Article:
United Faculty of Florida -- USF Chapter
2 February 2023

Readers may recall that Governor DeSantis appointed six new trustees for the New College board as part of an effort for, as one new trustee put it, "recapturing higher education" from higher educators. The appointments were harshly criticized by faculty, students, and stakeholders in the New College community, while one local legislator told attendees that, "The alternative, the school is going to be eliminated, it will be shut down."

The new trustees came loaded for bear. New Trustee Eddie Speir announced in his Substack blog that among the motions he intended to make was to, "...approve a letter to the new counsel of this board to ask for a legal opinion regarding our ability to declare a financial emergency and employ a zero-based budgeting policy of terminating all contracts for faculty, staff and administration and immediately rehiring those faculty, staff and administration who fit in the new financial and business model." Notice the presumption that the Board needs a new counsel.

Then came the first meeting of the new board. Former University of Missouri Dean of Arts and Sciences and, until Tuesday, New College President Patricia Okker - who was hired after a national search - was forced out by a 9-3 vote (with the student and faculty representatives among the three, and Board Chair Mary Ruiz abstaining). Then, after no search at all, Okker was replaced by Former Florida House Speaker, former Education Commissioner, and current lobbyist Richard Corcoran [USF login required]. The meeting seems to have been a bit of a spectacle, for Ruiz reacted to the newcomers' antics with, "I would ask trustees in the future to read the packet" sent out in advance to trustees on upcoming meetings. Later, she resigned.

The new trustees did not get all they wanted, and some vowed to carry out their various agendas. Meanwhile students and faculty vowed to continue to fight. But among the reactions nationwide were:

  • Atlantic columnist Tom Nichols wrote that Florida Has a Right to Destroy its Universities, i.e., "If Ron DeSantis wants to gut Florida’s public colleges, that’s up to Floridians." Referring to "Florida’s Soviet Commissars," Nichols wrote that, "Florida’s governor...has set out to ruin one of Florida’s public colleges. He's appointed several board members to the ideologically progressive New College of Florida with, apparently, a mandate to somehow rebuild it and thus save it from its dreaded wokeification. Helpfully for the cause of screwing up a college, most of the new overseers aren’t from Florida and don't live there..." But he concluded that, "Elections have consequences. If the people of Florida, through their electoral choices, want to wreck one of their own colleges, it is within the state’s legitimate power to do so. In fact, Florida could decide tomorrow to amend its own constitution and abolish state universities entirely."
  • USA Today columnist Ingrid Jacques asked, What's the big deal? Noting that, "DeSantis has not hidden his agenda. He ran for reelection last year on an anti-woke platform, aimed largely at the state’s public schools and universities...," and he won by a landslide, which indicates "...that many Floridians support the governor and want to see him follow through on his campaign promises to eradicate 'wokeness.'" She concluded that, "The reality is much of the fuss is unwarranted. No institution can be transformed overnight, and that will be the case with New College. Yet, DeSantis had undertaken an interesting experiment, and one other conservative governors will watch closely."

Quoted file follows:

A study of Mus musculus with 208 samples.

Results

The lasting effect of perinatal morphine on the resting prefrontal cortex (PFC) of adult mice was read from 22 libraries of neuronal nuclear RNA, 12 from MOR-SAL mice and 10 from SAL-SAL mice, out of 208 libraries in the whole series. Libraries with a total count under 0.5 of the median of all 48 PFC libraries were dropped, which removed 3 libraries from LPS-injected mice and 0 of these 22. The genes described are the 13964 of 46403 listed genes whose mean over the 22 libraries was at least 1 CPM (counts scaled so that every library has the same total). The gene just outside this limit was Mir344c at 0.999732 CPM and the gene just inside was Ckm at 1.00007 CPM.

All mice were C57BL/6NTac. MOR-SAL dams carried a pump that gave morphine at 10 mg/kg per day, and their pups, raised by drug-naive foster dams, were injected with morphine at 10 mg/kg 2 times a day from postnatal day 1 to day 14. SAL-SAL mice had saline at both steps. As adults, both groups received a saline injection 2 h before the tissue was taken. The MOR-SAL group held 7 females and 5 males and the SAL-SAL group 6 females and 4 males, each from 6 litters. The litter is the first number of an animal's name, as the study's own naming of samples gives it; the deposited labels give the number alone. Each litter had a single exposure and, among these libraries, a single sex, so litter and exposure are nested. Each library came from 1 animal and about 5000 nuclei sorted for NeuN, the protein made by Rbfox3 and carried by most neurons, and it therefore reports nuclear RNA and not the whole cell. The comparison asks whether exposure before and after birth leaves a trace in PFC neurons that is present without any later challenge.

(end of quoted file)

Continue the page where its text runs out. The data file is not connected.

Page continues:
This calls for a dash of cold water. Academic freedom, diversity / equity / inclusion, and various other targets of the new board are part of the academic marketplace - and parents, potential students, employers, current and potential faculty, and rating services all pay attention to the marketplace. (And various agencies - including accreditors and funding agencies - have requirements. And among the accreditors' requirements is: The governing board is free from undue influence from political, religious, or other external bodies, and protects the institution from such influence (p. 21).) New College functions very well within its niche - which consists of small, progressive liberal arts institutions. The changes proposed would damage its reputation and standing and compromise its accreditation - and federal money (and a number of other revenue streams) depend on accreditation. There is a real possibility of a trainwreck. And then what? If it loses a lot of students, faculty, administrators, and maybe accreditation and hence federal funding, will it close? Will it be rescued by some - er - benevolent research university interested in a satellite campus? And does any of this worry the people pushing these changes?

This has the markings of a trial balloon, and if it "works" in New College - if the spectacle advances the interests of the people pushing this transformation of one small institution - it will spread. The time to do something about this is now. Come join UFF and join the movement to save Florida higher education.

Chapter Meetings in February

The Chapter Meeting on Friday, February 10, at 12 noon, will be on USF Tampa in EDU415. The Chapter Meeting on Friday, February 24, at 12 noon, will be on USF Sarasota / Manatee in B229. Both meetings will be hybrid, and for those who cannot attend in person, you can contact the Chapter Secretary for a Zoom invitation. For those who show up in person, there will be lunch munchies and drinks.

The calendar of chapter meetings are posted at the Events Calendar. Also posted on the Events Calendar are many other events, such as the Faculty Senate's town hall meetings tomorrow and next week.